24/7: A Resource For Working Parents

Managing Transitions 

Daily transitions can be stressful for working parents and their children. One of the toughest of all transitions is “up and out” in the morning. Here are some tips that may be helpful. 

• Plan for extra time so you can match your child’s pace. Feeling rushed puts pressure on children and adds stress. So, look for ways to make your mornings less rushed. Try getting up a half an hour earlier. Get clothes, lunches and backpacks ready the night before.

• Give a preview. Talk to your child about the day ahead – that she is going to school or daycare and you are going to work. Remind her that she will spend the day with her friends and that you will see her again at the end of the day.

• Offer choices. Let your child make important choices among appropriate options like: what shirt to wear or what to take for one of their snacks,. This can help your child have a sense of control.

• Check in with the caregiver. If you take your child to school or daycare, drop-off or pick-up time can be an opportunity to have a brief chat with the teacher or caregiver about how your child is doing. You could explain, for example, if your child had a difficult morning or slept poorly the night before. At the end of the day, find out how her day went.

• Reconnect after you get home. Try to spend the first few minutes after

you return home giving your child undivided attention. Some young children would love to be held or rocked for a few minutes to reconnect. Other children might just want to be near you, doing quiet things, but able to have your attention before you get involved in chores.

Don’t be surprised if your child falls apart shortly after you pick him up from child care. This is normal. Children often save up their strong feelings all day and let them out when they get home.


Also Recommended:   How To Make Back-To-School Transitions Less Traumatic For The Entire Family By Principal Elizabeth Morley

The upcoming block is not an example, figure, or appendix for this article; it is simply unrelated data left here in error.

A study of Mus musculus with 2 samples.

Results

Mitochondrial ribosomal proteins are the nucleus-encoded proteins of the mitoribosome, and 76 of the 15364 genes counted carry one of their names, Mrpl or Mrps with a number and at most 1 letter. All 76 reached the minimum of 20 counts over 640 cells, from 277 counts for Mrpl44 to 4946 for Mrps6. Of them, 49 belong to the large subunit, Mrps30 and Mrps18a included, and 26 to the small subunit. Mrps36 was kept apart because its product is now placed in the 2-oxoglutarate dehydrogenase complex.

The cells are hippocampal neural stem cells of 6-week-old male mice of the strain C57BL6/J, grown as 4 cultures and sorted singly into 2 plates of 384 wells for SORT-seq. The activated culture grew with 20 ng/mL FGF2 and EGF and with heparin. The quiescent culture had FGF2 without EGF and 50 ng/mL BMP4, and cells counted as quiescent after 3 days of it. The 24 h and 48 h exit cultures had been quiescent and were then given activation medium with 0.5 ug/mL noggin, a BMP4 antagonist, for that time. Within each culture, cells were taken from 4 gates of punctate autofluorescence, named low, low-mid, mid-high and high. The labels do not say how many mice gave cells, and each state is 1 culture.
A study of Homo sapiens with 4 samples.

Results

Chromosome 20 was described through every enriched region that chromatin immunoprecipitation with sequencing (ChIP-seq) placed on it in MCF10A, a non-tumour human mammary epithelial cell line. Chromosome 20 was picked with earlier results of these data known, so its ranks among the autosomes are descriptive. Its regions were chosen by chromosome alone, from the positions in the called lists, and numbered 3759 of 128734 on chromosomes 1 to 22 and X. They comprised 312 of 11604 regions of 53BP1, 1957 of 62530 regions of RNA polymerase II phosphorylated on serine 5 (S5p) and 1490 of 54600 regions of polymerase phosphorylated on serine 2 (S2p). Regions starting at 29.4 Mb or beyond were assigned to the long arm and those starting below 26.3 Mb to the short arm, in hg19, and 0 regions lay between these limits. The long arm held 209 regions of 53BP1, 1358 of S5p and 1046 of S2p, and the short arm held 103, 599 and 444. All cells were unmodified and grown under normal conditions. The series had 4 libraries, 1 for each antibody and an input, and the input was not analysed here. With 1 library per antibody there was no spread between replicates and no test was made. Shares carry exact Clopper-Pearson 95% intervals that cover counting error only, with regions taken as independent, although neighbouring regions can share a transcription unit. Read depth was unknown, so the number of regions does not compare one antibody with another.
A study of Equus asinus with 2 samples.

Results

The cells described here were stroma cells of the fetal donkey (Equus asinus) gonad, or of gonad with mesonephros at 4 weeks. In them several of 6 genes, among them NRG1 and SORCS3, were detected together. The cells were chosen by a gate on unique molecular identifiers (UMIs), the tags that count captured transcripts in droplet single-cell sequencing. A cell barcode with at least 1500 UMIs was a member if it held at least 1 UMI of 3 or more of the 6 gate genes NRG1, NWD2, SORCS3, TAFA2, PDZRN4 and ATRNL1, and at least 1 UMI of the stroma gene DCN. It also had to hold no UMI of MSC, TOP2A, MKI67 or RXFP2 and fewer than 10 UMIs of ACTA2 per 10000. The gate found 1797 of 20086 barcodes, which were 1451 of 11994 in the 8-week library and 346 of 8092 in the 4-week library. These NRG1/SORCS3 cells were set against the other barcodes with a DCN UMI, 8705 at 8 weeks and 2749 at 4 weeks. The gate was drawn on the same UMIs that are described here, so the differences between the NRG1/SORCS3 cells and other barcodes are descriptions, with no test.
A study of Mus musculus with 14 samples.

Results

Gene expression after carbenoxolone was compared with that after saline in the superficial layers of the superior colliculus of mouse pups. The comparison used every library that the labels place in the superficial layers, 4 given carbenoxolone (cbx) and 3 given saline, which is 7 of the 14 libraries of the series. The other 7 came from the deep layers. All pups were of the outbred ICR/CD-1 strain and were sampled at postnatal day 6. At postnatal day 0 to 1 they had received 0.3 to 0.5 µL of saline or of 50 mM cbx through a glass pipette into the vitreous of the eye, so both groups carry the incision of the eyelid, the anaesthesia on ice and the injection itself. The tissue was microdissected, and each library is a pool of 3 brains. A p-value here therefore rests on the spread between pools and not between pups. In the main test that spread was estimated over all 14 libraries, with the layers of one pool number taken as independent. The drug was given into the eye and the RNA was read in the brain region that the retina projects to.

Other Tips for Smoother Transitions

Create routines

Daily routines that are fairly consistent help children know what to expect, which makes transition times a little easier.

Visual reminders

If there are some parts of getting ready that you want your kids to do on their own, create a chart with pictures of what you need them to do (brush teeth, get dressed, pack their backpack etc.).

The 5-minute warning

There’s nothing magic about 5 minutes – you may choose 15 minutes or a half-hour, especially for an older child. But the point is, a positive, friendly reminder of when kids need to leave or switch to another activity helps them get psychologically ready for transitions.

Use a timer

Setting the timer on your microwave clock or cell phone helps make short timelines more real for children, while providing both audio and visual cues.


Also Recommended:   KHST! Tips and Strategies Brochure Reducing child care stress page: 16-17, Transition times page: 18


Keep kids in the loop

Explain what’s happening. Make sure your children understand what is going to happen and what they need to do and when. For example, at the breakfast table, you can have a quick “here’s what’s happening today” mini meeting. If kids feel included in planning they are more likely to go along with it.

Try using music signals

There’s a reason why daycares and kindergartens use bits of music to signal transition times (e.g. sing a clean up or good bye song). The music provides a pleasant cue that reminds children that it’s time for a change. Music signals might or might not work as well in your home, but they are worth a try if you’re having trouble with transitions.

Let them take a toy

Allowing kids to choose a small toy to take with them when you have to go somewhere is comforting and gives them something nice to focus on.

Praise good behaviour

We often notice and point out when kids are dawdling or not getting ready fast enough. But be sure to point out and praise kids for when they do well with transitions!

Thank you to Workplace Strategies for Mental Health for their support of 24/7: A resource for working parents.